SLAVA MOGUTIN in conversation with LARA LAKAY

We always admire and respect the people who stand behind who they are, and what they believe; never compromise, even if a thousand people stand against them. Slava is one them. His work on sexual identity, subcultures, the conflicts between social norms and desires… His story of being the first Russian to get political asylum in USA for homophobic persecution… “I never questioned my destiny. I believe in the power of art and the power of a written or spoken word.” says our new hero Slava Mogutin. Here he goes now!

If we not wrong, “Slava” means fame and glory in Russian. What was the story behind choosing this nickname?

My full name is Yaroslav Yurievich Mogutin. I was named after the ancient Russian king Yaroslav the Wise who brought literacy to Russia and established the very first library. Slava is a short version of my name, that’s how my family and friends always called me. For the first 20-some of my life, when I was writing in Russian, I was using my full name. Then I moved to NY and started using Slava as my artist name. I recently became a US citizen and legally changed my name to Slava.

Do you think you are somehow influenced by the post-Soviet culture while living in Moscow?


My post-Soviet upbringing made me the person and artist I am today. I belong to the last generation that grew up under Communism and my youth was shaped by Mikhail Gorbachev’s liberal reforms known as Glasnost and Perestroika. When I moved to Moscow as a teenager, I witnessed the attempt to overthrow Gorbachev’s government and I was taking a part in the mass protests against the military coup. Seeing the power of the people’s uprising was a life-changing experience that I would never forget. It gave me confidence in my own work and political activism. Our generation knew we could change the world and we did change the world.

Do you see any positive progression about the rights of gay/queer/ transgender scene? Or is it just going worse?


Queer liberation movement has achieved a lot in the past four decades since the Stonewall riots. But let’s remember that there are still nearly 80 countries where homosexuality is illegal or semi-legal and punishable by death or imprisonment. Even in the US our freedoms are under attack, not to mention places like Russia and Turkey.

Writing seems like your oldest friend. What about the start of visual arts? Do you think the rejection and suppression towards your sexual identity pulled the trigger for you to express yourself?


I was raised in a very hostile and homophobic environment but I’ve always been very open about my sexuality in my work. Displacement and identity are central themes of my writings and art. I think being queer gives you a unique perspective on culture and society. We’re all here for a reason. Being different is a privilege; it’s a blessing not a curse.

In your work we see nudity, fetish and porn symbols but also vulnerability and scenes, which look like from a normal daily life. What is your message behind?


I tell stories of real people and real experiences without expecting anyone’s approval or praise. I celebrate human nature in all its aspects, including alternative ways of being that some people would consider too marginal, hardcore or extreme. I’ve documented fetish community for many years and I always find inspiration in the way modern sexualities manifest themselves. I think naked human body is the most beautiful creation and it should be up to us how we want to use and depict our bodies through art, sex, or fetishes.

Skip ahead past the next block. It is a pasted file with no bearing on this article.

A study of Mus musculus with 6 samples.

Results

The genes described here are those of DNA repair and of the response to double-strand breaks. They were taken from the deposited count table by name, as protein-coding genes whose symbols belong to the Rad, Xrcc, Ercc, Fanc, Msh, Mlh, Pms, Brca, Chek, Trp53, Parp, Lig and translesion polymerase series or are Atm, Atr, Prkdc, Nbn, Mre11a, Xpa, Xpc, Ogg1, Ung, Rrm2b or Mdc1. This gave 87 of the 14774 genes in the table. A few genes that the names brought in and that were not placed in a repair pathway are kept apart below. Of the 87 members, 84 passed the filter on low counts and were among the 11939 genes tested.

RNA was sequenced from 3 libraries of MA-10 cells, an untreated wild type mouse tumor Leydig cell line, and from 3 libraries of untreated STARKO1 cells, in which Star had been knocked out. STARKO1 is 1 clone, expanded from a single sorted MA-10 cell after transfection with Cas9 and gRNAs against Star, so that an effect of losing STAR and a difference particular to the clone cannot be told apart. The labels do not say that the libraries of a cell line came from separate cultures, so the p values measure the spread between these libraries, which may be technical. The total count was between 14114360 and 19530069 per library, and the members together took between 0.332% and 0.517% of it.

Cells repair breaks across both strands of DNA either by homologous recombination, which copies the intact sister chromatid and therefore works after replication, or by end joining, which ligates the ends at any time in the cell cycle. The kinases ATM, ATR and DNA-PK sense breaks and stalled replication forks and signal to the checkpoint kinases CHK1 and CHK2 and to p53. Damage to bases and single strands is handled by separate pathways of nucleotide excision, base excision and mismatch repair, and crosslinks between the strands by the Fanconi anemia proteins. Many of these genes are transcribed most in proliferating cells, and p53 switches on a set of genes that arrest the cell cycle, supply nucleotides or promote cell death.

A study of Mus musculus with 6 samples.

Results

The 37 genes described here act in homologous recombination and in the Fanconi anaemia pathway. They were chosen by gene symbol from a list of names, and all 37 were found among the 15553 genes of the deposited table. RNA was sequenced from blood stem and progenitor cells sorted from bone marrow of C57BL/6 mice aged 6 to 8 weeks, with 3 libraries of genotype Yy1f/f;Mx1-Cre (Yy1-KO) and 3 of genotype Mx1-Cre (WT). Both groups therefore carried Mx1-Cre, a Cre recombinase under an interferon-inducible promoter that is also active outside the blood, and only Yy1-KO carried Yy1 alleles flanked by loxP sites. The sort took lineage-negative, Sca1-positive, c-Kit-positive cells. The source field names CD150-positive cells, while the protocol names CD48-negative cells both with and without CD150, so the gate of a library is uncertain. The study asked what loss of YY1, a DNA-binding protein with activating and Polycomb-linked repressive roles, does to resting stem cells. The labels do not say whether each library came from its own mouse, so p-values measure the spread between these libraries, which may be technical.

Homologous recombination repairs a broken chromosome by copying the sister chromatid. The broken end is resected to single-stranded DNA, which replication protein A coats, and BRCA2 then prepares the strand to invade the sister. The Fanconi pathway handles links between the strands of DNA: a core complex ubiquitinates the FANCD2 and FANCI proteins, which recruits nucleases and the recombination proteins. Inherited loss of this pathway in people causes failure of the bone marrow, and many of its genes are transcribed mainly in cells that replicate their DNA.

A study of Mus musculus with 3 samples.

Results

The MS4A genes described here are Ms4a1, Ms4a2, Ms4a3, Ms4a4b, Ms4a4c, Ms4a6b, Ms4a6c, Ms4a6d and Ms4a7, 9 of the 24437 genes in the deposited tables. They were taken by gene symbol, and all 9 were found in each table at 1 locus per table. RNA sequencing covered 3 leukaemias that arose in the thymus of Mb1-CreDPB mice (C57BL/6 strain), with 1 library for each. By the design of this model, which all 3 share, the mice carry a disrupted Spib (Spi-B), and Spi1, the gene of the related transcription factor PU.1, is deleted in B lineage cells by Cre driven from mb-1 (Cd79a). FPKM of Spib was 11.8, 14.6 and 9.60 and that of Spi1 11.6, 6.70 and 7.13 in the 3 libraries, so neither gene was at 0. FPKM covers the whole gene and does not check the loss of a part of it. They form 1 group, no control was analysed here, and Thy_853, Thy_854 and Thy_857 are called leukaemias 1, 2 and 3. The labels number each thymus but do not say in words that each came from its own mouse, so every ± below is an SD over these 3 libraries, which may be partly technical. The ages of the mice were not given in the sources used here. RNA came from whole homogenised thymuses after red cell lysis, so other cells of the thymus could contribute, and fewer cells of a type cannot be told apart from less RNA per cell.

How is your relationship with Russia now? Do you still have threats, shaming or insults?


I haven’t been back in many years but I still keep in touch with a few old artist friends. And I still get regular fan mail and hate mail from Russia. Unfortunately lately Russia has been in the news for all the wrong reasons. I’m proud of my Russian roots and hope one day I’ll be able to have a museum retrospective of my work there. I had several shows in Moscow but back home I’m still mostly known as a hooligan and troublemaker.

Censorship! Does it affect your work?

I have been censored in Russia and America so I must be doing something right. These days homophobic censorship is rampant on social media
and I believe it’s important to address it. It’s always in the back of my mind reminding me that I should always speak from my heart and always speak my mind, and all artists should be able to do the same. The freedom of speech and artistic expression for me are the most fundamental rights. Censorship hurts us all.

Do you have a milestone in your life where you really felt you are an artist?


I never questioned my destiny. I believe in the power of art and the power of a written or spoken word. I believe in higher powers and purpose. I’m just a vessel, I’m here to create and document. I’m here to give the voice to my community.

If you can choose only one of your works to explain your world, which one would it be?

I think Lost Boys had a big impact on the queer artists of my generation.
It captured post-Soviet Russia and Europe at the turn of the century in a very honest, personal and poetic way. It spoke about social and sexual conditions in the time of political turmoil. It was my first cohesive body of work that resonated with many people and I was proud to travel the world with my boys.

You recently published Bros & Brosephines. What is about?

It’s a book comprised of 15 years of magazine and fashion work and commissioned studio portraits. There are 240 images and 17 chapters
that were shot all over the world, from Moscow to Berlin, Paris, London, Amsterdam, New York and Miami. There is a common narrative that brings all these images together. It’s about questionings traditional patriarchy and masculinity, gender roles and stereotypes. Bros & Brosephines is a book about queer utopia where boys can be girls and girls can be boys and we all embrace each other the way we are.